Scientific Information Used in Ergonomics
Ergonomists use scientific data from anthropometry, biomechanics, work physiology, and psychology to learn about people's capabilities and limitations.
This is a science that studies the dimensions of all our body parts so that products, furniture, and workstations can be designed to fit different sizes of people. It measures all our dimensions and makes recommendations about how to best apply that information.
For example, it would be used to determine the best height for a child's backpack so it can fit the child's back length.
This is a science that studies how our muscles and skeleton react when we use various forces and weights on them. It uses the laws of physics and engineering to describe the motion and the force that act on a body part.
For example, with biomechanical data the ergonomists can decide if the movements the arm and shoulder must make when lifting a heavy backpack and swinging it on the back puts too much stress on the muscles, joints, and skeleton. Also, they can decide if the weight of the backpack creates a risk for injury to the arm, the shoulder, and the back. Do you think this backpacker's arms, shoulders, and back would start hurting?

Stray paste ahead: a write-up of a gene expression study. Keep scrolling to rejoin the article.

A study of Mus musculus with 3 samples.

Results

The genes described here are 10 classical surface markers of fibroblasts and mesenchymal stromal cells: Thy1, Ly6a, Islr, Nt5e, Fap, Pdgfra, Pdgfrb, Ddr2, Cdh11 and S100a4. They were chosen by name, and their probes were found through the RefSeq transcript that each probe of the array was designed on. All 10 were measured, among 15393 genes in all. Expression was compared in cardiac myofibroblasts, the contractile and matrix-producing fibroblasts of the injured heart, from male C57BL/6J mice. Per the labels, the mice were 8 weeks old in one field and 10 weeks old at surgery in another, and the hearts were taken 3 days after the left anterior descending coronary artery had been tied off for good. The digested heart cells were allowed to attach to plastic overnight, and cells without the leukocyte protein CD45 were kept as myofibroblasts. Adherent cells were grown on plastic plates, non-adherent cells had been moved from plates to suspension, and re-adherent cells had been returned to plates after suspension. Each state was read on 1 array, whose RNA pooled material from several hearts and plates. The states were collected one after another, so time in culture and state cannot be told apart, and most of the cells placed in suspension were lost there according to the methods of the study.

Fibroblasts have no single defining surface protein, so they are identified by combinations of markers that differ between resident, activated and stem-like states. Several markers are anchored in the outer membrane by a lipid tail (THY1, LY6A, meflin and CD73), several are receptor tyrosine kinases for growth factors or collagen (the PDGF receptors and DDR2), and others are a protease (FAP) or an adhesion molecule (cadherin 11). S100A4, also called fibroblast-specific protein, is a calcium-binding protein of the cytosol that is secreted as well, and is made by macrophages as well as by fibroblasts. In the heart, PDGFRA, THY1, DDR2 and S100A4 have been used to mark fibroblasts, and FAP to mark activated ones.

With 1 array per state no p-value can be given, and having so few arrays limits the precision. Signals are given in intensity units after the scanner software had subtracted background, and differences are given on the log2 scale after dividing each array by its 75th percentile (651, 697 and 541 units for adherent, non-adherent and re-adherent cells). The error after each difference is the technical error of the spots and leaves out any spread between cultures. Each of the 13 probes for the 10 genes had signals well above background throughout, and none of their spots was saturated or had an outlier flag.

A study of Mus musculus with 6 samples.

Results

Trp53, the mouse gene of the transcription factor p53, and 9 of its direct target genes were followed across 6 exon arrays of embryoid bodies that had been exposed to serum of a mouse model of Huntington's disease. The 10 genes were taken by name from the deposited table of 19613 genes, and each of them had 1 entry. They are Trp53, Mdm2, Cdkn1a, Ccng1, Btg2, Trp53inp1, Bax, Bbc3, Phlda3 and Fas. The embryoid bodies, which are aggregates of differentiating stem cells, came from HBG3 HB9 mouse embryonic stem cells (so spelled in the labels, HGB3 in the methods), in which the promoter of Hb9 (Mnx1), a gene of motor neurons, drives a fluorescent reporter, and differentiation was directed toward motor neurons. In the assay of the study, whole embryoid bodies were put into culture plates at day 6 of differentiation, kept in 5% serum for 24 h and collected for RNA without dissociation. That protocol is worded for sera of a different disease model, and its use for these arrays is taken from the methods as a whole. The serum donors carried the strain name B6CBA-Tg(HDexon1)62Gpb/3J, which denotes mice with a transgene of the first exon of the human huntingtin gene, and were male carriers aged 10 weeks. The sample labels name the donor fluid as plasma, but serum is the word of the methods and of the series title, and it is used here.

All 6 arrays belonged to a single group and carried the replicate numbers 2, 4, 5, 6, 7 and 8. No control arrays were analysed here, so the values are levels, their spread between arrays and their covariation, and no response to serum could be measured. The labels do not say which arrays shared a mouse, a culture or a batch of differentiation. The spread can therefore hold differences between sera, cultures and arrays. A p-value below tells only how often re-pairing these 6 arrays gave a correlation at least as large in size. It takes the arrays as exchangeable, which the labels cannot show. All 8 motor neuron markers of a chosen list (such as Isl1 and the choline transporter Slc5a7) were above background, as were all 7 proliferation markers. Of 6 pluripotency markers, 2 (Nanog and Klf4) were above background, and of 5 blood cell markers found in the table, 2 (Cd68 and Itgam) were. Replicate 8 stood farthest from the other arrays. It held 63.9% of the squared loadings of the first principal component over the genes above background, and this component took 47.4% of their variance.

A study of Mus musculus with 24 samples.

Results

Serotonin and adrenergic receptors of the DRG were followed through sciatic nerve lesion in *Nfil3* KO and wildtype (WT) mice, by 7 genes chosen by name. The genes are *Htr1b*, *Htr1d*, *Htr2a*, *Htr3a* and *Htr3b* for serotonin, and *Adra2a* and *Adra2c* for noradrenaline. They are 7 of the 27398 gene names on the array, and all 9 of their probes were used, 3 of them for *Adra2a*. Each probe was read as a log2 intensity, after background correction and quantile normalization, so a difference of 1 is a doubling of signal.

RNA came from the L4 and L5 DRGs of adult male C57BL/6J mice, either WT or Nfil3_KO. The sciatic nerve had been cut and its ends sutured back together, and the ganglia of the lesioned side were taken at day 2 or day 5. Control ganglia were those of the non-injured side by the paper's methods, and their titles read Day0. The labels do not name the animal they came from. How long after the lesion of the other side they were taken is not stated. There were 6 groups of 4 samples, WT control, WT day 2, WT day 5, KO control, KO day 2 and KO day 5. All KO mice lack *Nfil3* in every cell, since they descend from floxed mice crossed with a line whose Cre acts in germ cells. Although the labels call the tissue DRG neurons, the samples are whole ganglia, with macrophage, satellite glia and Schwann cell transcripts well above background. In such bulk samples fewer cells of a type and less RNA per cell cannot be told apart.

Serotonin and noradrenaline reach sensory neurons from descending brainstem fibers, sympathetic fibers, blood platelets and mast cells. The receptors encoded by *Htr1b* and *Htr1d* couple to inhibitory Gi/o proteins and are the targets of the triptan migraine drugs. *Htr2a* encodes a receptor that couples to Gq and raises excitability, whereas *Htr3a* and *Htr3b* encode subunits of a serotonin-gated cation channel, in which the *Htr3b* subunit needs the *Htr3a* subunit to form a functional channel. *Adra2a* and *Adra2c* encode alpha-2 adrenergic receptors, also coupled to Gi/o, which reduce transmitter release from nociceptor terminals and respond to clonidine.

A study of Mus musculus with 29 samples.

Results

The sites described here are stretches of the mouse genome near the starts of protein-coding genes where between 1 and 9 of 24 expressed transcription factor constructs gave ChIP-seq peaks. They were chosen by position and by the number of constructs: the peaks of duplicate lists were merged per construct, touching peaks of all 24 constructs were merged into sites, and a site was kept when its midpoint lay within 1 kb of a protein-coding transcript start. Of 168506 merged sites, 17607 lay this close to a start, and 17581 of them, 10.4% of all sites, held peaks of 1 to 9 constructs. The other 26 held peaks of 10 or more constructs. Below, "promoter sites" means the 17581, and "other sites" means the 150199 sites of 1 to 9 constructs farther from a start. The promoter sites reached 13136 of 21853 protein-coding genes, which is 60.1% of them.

This is a science that studies how our bodies react when they are doing different types of work and exercise. It studies information about what type and how much activity different systems in our bodies can endure before they get overworked and tired or fatigued. The systems are blood circulation, breathing, digestion of food, and muscle activity.
For example, physiology can measure how much energy the body must use when you are walking around carrying a heavy backpack. This climber uses a lot of energy, especially if the backpack is very heavy, too.
This is a science that studies how our minds work and how we behave. It investigates how our senses work and how attention and motivation affect our performance and behavior. It studies how we think and how we solve problems. Psychology also researches how we develop from infancy to adulthood and how our emotions play a role in what we do and in the decisions we make. The ergonomists use psychological data to make sure what is designed does not overwhelm our minds and behavior.
For example, they design the backpack so that it is easy for a young child to understand how it is used. And, it is very important to make it look "cool!"